Five years after the UK Modern Slavery Act, it’s time to ramp it up

The Modern Slavery Act was a major positive move, but if we want to end modern slavery, we need to ramp up our efforts across the UK and beyond, writes Jakub Sobik

Photo by Pexels
31 March 2020

Hailed as a breakthrough on tackling slavery by some, cursed by others for missing major opportunities, the UK Modern Slavery Act was enacted five years ago last week.

It was a watershed in this country’s approach to tackle this form of abuse. It included a range of measures including specifying criminal offences related to modern slavery, modest victim protection and child protection measures, as well as completely new requirements placed on big businesses to report on their efforts to prevent forced and child labour in their supply chains.

So how has it worked?

In 2018 nearly 7,000 people had been identified as potential victims; four times than in 2013. In the year ending March 2019, the police in England and Wales recorded over 5,000 modern slavery offences.

No doubt, these are truly horrifying numbers. However, compare it to the tens of thousands people – as estimated by the National Crime Agency – trapped and exploited in our country and we begin to understand what little distance we’ve traversed. Add to that the fact that only 205 people suspected of perpetrating trafficking crimes were referred for prosecutions, and you begin to see that very few people who were exploited have a chance to see their traffickers brought to justice.

More worrying is what happens when people are identified by authorities as victims. For them, this is the opportunity to move on from their trauma, receive support and transition into a new life with more resilience and in freedom.

Yet, the support they receive is often far from adequate, and those from overseas are more likely to be treated as immigration offenders than victims of serious crime. More than 500 people were detained in 2018 alone and many deported back to trafficking hotspots such as Albania and Nigeria, where the risk of re-trafficking and harm are very real.

Many survivors, even if they get support from the UK authorities, do not have permission to work. Instead, they spend years in limbo, waiting for months or even years for decisions on their victim status. It pushes people to look for jobs, often illegally, which makes them vulnerable to be exploited again.

The UK system isn’t always working in the interests of the people it’s meant to support, and it’s telling that many trafficked people prefer not to engage at all and end up remaining in exploitation.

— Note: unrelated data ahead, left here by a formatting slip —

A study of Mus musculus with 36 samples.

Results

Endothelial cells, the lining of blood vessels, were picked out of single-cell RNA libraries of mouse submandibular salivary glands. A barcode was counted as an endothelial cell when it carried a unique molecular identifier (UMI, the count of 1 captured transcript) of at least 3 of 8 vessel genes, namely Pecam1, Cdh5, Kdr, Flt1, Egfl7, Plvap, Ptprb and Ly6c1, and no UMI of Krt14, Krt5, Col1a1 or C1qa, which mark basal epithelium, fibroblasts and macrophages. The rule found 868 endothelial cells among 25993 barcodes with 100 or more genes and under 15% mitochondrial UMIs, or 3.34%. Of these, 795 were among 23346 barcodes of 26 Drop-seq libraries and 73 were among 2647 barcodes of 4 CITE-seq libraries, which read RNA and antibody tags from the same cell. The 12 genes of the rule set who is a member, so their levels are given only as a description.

The Act aims to be tough on traffickers. But being tough on traffickers means that we need to support people they exploited in order to bring the traffickers to justice. Prosecuting ones’ traffickers can hardly be a priority when their basic needs are not met. So, cases cannot be built, and traffickers carry on.

Today, as the world responds to COVID-19, these failings are laid bare as people without secure jobs are likely to be forced to continue to work, and people with insecure immigration status are more likely to be fearful of accessing healthcare.

The Modern Slavery Act was a major positive move, but if we want to end modern slavery, we need to ramp up our efforts across the UK and beyond.

We need to address the issues which keep people in exploitation and prevent them leaving, speaking out or reporting their exploiters to the authorities. We need to improve the employment laws to empower people to challenge exploitation.

Traffickers rarely target people with options, people who have a safety net, who can leave, who can go to the authorities and who will be believed. If we want to end slavery, we need to make sure anyone who could be exploited has options and access to justice and the law.

For non-British victims we need to end the inhumane hostile immigration environment, make sure survivors have a right to work and study, and a safety net they need to rebuild their lives. Most importantly the UK needs to put survivors of slavery at the centre of any approach. It is only by working with those who have survived slavery that we can learn what could have helped to keep them free.

In 1807 the UK, followed by the rest of the world made changes to the practice of slave trading that would have been unimaginable 50 years earlier. This week, the world has responded to COVID-19 by making changes which would have seemed un-achievable just a few weeks ago.

We believe the UK does have the means to design lasting improvements to the Act, so that future generations can say that we protected thousands of people from the horrors of modern slavery.